Bball

One by one, the basketballs sailed through the air, launching off the fingers of UF shooters from all over the court.

And one by one, the shots bounced off the rim. Again, again and again, until one somehow fell through the net, and the cycle began anew.

Both the Florida Gators and the Florida State Seminoles put up performances they’d like to forget, but FSU managed to stagger to a 63-51 victory at the O'Connell Center. Florida suffered its sixth-straight loss to FSU with the defeat.

Neither team fared well in the first half.

The Gators (1-1) and the Seminoles (1-1) both posted shot percentages below 30 percent (22 percent for UF and 25 percent for FSU). On top of that, UF fouled FSU 12 times, and FSU took advantage by scoring 12 points off of free throws, which accounted for 48 percent of the 25 points they scored. The three-point percentages were even worse: Florida shot 9 percent from beyond the three-point line, while Florida State managed a marginally better 11 percent.

Kerry Blackshear Jr. was UF’s leading scorer in the half, but he managed it entirely on free-throws, putting up six points. He would continue the trend in the second half, and he ended the game with 10 points despite going 0 for 5 from the field. 

“We know there’s a lot of things we have to work on,” Blackshear Jr. said. “Playing that game makes it more evident for us. It can be a big wake-up call.” 

At the end of the half, the Seminoles led the Gators 25-21, though Florida did take a small victory by leading FSU in rebounds (22-20).

The second half was a different tale for the Seminoles. For Florida, it was more of the same.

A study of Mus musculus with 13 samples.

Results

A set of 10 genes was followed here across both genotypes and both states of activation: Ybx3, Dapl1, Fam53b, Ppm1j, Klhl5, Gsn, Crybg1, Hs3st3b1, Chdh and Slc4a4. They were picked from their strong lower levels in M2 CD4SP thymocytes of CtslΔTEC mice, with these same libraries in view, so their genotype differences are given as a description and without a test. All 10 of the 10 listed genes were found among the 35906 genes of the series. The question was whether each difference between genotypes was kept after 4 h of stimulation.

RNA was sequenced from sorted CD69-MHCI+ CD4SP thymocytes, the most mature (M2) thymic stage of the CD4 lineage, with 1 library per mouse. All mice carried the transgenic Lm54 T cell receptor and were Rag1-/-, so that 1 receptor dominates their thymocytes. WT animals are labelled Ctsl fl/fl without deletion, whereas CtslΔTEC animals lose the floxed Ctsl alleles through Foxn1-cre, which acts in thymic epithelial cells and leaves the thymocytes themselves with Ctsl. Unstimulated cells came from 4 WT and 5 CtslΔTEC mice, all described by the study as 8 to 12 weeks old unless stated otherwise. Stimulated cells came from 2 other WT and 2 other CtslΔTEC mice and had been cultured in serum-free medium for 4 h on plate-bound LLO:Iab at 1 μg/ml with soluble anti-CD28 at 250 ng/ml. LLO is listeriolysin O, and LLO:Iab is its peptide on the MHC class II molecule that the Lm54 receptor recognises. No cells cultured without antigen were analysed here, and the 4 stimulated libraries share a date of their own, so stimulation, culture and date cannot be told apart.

Florida State came out of the locker room far more polished, opening the half on a 4-0 run and extending the lead from there. With about nine minutes to play, the Gators were 3 of 13 from the field while FSU was 9 of 17.

FSU never lost its lead it held out of the half, with its largest lead coming in at 14 points.

Anything the Gators did was in vain. Sophomore Keyontae Johnson was the leading scorer, putting up 19 points.

After the game, Johnson singled out an issue that numerous Florida players have harped on over the past few weeks: communication.

“We gave up a lot of wide-open threes towards the end,” Johnson said. “It was just a lack of communication.”

Florida finished 28 percent from the field – 18 percent from three –  and committed 16 turnovers. In comparison, Florida State finished 36 percent of the field, 29 percent from three and only had nine turnovers. 

The Gators won’t have too long to mull over their loss, however, as they’ll be back in the O’Connell Center to face off against the Towson Tigers on Thursday. But it's not just the players that'll work on improving their game. Coach Mike White said he has to improve his, too.

“More than anything, I’ve got to do a better job of putting these guys in position offensively,” White said.

Follow River Wells on Twitter @riverhwells. Contact him at [email protected]

River Wells is a sports writer for the Alligator and covers the University of Florida women’s tennis team. He has previously covered UF swimming and diving. He has worked at the paper since Fall 2017.